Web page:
Sexual abuse victims and advocates urge state to pass Child Victims Act

Feb 27, 2018

The push is being renewed to pass legislation in Albany that would allow childhood sexual abuse victims to file lawsuits for incidents that happened decades ago. Speaking in downtown Buffalo Tuesday was one Western New York man who says he was molested by a local priest while he was 14 years old.

The Child Victims Act would ease current statutes of limitations for criminal and civil sex abuse cases. It is supported by a majority in the State Assembly and by Governor Andrew Cuomo but has stalled in the State Senate.

Michael Whalen speaks in downtown Buffalo about sexual abuse he suffered at age 14. Whalen said it was conducted by a retired Catholic priest. Advocates for childhood sexual abuse victims are pushing for passage of a state law that would ease the statues of limitations that currently prevent adults like Whalen from pursuing civil action.
Credit Michael Mroziak, WBFO

Supporters of the Child Victims Act were expected to gather in Albany Tuesday to push for its passage in the current legislative year. Another supporter, a child sex abuse survivor, stood with his advocate in downtown Buffalo. 

Michael Whalen stood across the street from the Catholic Diocese of Buffalo headquarters, where he told his tale of being abused. He openly identified his alleged abuser as Father Norbert Orsolits who, in 1980, was with the St. John Vianney parish in Orchard park.

"He took me up to his cabin in Springville, where the abuse took place," Whalen said. "He got me out there on the means of going skiing at Kissing Bridge."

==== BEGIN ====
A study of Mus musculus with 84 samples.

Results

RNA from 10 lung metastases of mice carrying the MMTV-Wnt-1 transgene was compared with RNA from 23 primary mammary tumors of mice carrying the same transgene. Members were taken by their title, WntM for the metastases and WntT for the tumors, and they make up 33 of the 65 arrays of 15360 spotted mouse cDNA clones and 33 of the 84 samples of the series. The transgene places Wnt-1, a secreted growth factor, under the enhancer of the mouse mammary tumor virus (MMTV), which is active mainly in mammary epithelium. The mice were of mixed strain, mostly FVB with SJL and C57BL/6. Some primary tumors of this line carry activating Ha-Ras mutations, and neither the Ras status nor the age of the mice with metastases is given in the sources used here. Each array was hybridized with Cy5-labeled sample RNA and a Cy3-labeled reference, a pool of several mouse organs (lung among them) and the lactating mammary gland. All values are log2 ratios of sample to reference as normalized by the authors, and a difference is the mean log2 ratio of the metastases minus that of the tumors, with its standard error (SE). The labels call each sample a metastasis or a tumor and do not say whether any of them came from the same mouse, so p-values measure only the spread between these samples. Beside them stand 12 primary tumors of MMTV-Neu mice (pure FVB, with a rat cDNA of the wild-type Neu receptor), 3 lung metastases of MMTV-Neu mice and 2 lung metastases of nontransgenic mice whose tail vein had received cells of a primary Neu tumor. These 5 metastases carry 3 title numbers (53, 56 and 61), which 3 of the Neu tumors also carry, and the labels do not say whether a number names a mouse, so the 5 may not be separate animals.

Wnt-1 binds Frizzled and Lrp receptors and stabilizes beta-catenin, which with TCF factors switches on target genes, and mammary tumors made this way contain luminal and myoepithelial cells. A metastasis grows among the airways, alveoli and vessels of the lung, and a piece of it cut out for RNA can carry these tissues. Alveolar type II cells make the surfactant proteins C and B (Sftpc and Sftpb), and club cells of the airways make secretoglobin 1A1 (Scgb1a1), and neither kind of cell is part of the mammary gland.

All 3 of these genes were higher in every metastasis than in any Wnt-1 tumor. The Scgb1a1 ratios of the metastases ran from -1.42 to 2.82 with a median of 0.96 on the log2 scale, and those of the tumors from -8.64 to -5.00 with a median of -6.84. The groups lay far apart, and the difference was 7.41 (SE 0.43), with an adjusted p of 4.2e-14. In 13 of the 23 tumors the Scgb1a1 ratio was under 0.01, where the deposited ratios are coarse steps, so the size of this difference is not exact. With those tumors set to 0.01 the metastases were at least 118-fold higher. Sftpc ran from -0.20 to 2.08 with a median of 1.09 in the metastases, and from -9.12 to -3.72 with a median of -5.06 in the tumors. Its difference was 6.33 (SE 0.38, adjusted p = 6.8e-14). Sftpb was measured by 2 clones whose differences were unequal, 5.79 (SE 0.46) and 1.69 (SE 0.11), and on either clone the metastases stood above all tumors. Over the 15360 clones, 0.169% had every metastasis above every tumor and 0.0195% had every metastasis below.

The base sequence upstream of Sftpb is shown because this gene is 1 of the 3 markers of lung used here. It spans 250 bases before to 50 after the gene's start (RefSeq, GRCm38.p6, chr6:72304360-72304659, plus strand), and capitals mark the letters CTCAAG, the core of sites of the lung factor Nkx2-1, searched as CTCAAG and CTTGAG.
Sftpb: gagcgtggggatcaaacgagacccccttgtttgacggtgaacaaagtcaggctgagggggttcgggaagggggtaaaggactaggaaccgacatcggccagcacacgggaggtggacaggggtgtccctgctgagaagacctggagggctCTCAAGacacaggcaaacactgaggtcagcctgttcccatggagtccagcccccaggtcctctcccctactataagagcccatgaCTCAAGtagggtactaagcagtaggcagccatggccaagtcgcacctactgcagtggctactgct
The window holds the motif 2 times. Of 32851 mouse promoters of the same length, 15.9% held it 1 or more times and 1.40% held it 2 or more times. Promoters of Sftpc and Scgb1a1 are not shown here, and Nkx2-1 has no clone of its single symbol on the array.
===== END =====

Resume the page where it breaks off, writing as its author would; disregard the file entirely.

Whalen says he and two others were served alcohol and marijuana. He did not identify the others nor would he say whether they were abused, telling reporters it would be up to them to come forward. 

His story continued about keeping the abuse contained, turning to drugs and alcohol to try coping with his pain, how it resulted in a failed marriage and continued estrangement with a daughter. He explained he did report his long-ago abuse recently to Bishop Richard Malone and diocesan officials and was offered free counseling but nothing more. 

Whalen says coming forward now has been a part of his therapy.

"This means a lot to me and my family," he said. "If there's any other victims from Father Norb, step forward. You don't have to hide anymore. It took me a long time to step forward and confront this."

Under current New York State law, victims of childhood sexual abuse have until the age of 23 to pursue civil action. Supporters of the Child Victims Act say many victims are unable to come to terms with their past and muster the courage to seek help until long after that age.  

Whalen's advocate is Robert Hoatson, president of Road to Recovery, an agency that assists sexual abuse victims and their families. He identified himself as a former priest who was fired from a New Jersey parish after reporting abuse there.

Hoatson expressed confidence that the Child Victims Act will be passed this year. 

"Unfortunately, when Michael Whalen approached the Diocese of Buffalo with his request for assistance, I'm sure Bishop Malone and his attorney wiped the sweat off their brows and said 'whew, thank God for the statute of limitations. Here's another one we don't have to worry about,'" Hoatson said. "Bishop Malone, you have to worry about Michael Whalen."

Hoatson identified another local priest, Father Robert Conlin, as an alleged sexual abuser. 

The Diocese of Buffalo released the following statement in response to Tuesday's gathering outside their headquarters: "Since 1990, the Diocese of Buffalo has had policies to address sexual abuse.  Every complaint that we receive is addressed pursuant to a protocol that is designed both to protect children and to respond to victims.  We will have more to say about these important issues later this week.  We will not comment on these particular complaints except to note that Fr. Norbert Orsolits was removed from ministry in 2003 and that Fr. Robert Conlin died in 1997."